Oddities of Nature

Have you ever seen something in nature that struck you as odd?  In May of 2009 I saw something that I thought was very odd.  I was driving into Yellowstone’s Lamar Valley from the west and off to my right not far from the Lamar River I saw a large nest atop a dead tree.   My first thought was that it was probably an osprey nest or maybe a bald eagle nest.  I slowed down and pulled over.   I could see there was something in the nest, but it was too far to see what it was exactly.  I decided to grab my big lens and tripod and hike closer to the nest.  After a bit I stopped.  I couldn’t believe my eyes.   It looked like a Canada goose.   I looked through my lens.  It was a Canada goose.

A Canada goose sits in a raptor nest in Yellowstone's Lamar Valley.

A Canada goose sits in a raptor nest in Yellowstone's Lamar Valley.

This was a new one for me.  Canada geese nest on the ground, usually in wetlands.  What was this one doing up in a raptor’s nest?  Maybe it had learned the hard way that eggs laid on the ground in the Lamar Valley don’t last long.  I checked every day for over a week and there was always a goose in the nest.  There had to be eggs there.  Will the eggs fare better in a raptor’s nest at the top of a tall tree?  Maybe.  Maybe not.  Furthermore, to the best of my knowledge, Canada geese don’t feed their young like birds of prey do.  The goslings will have to get down to the ground and to the river soon after they hatch.  I know some waterfowl species like wood ducks nest in tree cavities and the young drop down to the ground, but this is a very tall tree and the branches extend well away from the trunk, especially in the lower portion of the tree outside the framing of the image.  Finally, how will they walk across all those branches with their webbed feet?

Osprey in Nest at Tree Top in Yellowstone's Lamar Valley

An osprey is back in possession of the raptor nest a year later.

When I returned to Yellowstone in May of this year I looked to the nest as I entered Lamar Valley.  There was a bird in it again.  This time it was an osprey.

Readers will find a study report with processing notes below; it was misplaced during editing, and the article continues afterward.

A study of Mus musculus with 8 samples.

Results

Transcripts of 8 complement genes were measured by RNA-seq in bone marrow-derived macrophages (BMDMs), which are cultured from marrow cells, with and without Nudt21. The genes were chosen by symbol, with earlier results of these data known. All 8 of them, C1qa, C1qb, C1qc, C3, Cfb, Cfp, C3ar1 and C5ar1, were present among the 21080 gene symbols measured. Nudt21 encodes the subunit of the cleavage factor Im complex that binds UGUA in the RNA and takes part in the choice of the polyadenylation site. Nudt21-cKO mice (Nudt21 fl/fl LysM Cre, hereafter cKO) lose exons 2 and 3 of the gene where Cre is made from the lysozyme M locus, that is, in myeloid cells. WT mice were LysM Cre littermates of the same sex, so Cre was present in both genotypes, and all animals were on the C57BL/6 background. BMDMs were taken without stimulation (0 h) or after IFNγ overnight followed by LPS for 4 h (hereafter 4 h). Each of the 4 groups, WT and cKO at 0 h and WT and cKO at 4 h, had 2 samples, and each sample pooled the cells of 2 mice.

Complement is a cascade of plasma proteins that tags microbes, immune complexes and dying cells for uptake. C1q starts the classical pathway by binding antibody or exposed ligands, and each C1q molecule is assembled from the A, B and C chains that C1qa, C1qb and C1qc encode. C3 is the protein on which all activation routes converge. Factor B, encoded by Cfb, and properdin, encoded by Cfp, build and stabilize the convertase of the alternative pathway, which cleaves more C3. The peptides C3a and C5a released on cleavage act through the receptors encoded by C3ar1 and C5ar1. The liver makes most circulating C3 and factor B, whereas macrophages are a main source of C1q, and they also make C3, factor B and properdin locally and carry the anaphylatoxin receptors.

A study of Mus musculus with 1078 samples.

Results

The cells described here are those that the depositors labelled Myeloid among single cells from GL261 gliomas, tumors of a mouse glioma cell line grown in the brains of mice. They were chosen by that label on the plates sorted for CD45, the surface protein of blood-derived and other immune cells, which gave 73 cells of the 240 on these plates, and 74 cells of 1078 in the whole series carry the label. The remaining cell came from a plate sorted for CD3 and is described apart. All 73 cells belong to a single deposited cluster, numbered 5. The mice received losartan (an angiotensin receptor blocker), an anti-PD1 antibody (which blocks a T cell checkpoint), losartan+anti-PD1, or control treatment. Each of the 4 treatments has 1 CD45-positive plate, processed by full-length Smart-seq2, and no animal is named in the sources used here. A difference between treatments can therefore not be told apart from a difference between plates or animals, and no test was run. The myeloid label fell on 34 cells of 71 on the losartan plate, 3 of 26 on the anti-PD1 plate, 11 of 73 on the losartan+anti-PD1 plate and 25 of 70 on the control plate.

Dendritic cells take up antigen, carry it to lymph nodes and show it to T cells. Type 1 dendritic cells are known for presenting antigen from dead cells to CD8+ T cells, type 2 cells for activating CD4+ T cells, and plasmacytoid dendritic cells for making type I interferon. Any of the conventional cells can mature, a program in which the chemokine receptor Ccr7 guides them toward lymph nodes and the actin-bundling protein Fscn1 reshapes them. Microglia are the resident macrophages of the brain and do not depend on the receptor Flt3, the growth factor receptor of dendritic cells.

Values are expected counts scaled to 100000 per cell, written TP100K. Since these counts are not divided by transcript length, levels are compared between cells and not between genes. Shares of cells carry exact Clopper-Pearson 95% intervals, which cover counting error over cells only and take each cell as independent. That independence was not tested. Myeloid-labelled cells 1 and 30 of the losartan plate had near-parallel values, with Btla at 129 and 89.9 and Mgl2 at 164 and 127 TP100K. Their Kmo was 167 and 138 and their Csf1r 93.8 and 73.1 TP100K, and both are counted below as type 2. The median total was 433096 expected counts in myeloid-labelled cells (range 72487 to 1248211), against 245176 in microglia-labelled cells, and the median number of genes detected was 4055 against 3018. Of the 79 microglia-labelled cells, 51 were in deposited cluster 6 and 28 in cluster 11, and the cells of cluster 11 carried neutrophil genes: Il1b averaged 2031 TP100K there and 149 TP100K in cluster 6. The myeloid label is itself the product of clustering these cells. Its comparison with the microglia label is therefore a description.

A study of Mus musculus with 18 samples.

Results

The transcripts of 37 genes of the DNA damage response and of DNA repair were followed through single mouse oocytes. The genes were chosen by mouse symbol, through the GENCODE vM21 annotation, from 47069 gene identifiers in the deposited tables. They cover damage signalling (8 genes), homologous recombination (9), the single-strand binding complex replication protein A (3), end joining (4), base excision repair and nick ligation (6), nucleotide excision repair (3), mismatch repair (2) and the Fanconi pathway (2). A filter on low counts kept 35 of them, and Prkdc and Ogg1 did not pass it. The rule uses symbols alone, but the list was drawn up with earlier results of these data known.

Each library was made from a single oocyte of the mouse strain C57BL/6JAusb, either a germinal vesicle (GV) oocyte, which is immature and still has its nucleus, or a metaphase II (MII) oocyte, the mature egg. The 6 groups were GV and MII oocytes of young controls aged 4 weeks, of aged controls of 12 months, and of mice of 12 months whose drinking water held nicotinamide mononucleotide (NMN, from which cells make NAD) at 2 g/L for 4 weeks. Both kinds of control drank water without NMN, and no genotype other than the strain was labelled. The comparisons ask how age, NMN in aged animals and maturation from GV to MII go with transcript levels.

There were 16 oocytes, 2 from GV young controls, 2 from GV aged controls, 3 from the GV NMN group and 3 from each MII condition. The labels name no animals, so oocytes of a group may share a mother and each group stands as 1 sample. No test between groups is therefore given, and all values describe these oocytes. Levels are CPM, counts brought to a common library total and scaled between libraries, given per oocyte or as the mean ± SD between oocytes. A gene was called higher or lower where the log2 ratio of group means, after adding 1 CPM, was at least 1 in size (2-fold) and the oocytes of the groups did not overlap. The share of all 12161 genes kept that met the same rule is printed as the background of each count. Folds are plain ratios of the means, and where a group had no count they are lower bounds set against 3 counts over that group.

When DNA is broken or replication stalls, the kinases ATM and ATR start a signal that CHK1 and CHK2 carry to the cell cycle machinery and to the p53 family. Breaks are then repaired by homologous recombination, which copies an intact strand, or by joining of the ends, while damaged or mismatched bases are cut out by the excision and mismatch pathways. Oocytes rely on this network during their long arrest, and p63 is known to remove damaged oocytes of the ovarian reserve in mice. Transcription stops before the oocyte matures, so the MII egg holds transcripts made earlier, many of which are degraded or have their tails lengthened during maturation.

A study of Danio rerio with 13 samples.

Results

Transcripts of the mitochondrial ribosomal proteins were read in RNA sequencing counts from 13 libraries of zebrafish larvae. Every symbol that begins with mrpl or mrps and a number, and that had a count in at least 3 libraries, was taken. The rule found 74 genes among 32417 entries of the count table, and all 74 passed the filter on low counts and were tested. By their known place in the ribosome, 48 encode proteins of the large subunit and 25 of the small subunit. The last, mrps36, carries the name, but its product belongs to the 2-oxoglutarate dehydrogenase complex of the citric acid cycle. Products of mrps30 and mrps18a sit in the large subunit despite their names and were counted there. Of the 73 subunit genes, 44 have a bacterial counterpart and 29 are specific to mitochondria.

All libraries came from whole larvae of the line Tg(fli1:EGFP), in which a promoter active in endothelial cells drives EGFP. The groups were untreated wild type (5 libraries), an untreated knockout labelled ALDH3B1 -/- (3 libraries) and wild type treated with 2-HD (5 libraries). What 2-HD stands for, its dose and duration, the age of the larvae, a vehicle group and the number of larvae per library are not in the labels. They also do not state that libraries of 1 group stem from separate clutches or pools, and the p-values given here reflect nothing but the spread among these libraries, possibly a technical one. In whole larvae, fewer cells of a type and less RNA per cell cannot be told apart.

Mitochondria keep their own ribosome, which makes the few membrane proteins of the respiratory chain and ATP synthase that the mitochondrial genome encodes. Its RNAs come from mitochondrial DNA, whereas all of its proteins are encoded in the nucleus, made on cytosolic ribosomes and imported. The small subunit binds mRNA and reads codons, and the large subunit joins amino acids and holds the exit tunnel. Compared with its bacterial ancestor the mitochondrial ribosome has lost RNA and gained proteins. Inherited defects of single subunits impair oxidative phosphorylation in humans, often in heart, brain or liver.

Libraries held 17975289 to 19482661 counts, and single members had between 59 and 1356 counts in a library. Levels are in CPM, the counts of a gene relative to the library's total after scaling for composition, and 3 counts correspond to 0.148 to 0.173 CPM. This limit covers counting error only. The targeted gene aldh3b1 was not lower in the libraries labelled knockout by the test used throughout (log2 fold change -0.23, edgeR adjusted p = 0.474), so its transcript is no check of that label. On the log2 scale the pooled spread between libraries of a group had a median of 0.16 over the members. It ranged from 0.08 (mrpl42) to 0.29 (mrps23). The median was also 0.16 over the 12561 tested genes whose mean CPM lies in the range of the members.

I’ve often wondered what happened to the offspring of the Canada geese.  Did the eggs survive to hatching?  If so, did the goslings make it safely down the tree and to the river?  I guess I’ll never know.


About Jim Coda

I am a nature photographer living in the San Francisco Bay Area. I specialize in photos of birds, mammals, and landscapes.

  1. Cathy R says:

    Oh, I always wish I had a camera out there. Sadly, every time I bring my camera on the tour, absolutely NOTHING noteworthy ever happens. It is a curse. Also, I think it is a little bit distracting if the tour guide stops what she is doing to take her pictures.

    I have been known to ask my visitors to email me some of their photos, though!

    • Jim Coda says:

      I know what you mean. I can recall times in my life when I wish I had had a camera with me. Some people carry a point and shoot all the time. With cell phones today that may not even be necessary. Why don’t you tweak your tour info a little to tell people to bring a camera or binoculars if they’d like to? Then you can feel comfortable stopping to take a few photos.

  2. Cathy R says:

    I’m a volunteer tour guide at the Rocky Mountain Arsenal National Wildlife Refuge. Last summer, we saw a Western Kingbird pair mobbing a Red Tailed Hawk. At one point, one of the Kingbirds actually landed on the back of the Red Tail (in midair), gripping his feathers with his feet and pecking madly at the back of the hawk’s head. It was like watching a dogfight scene in an old World War II movie.

    • Jim Coda says:

      Hi Cathy. I’ve seen a lot of small birds chasing hawks, but I haven’t seen one land on the back of a hawk and peck at its head. I’d like to photograph that. I bet you wish you had a camera.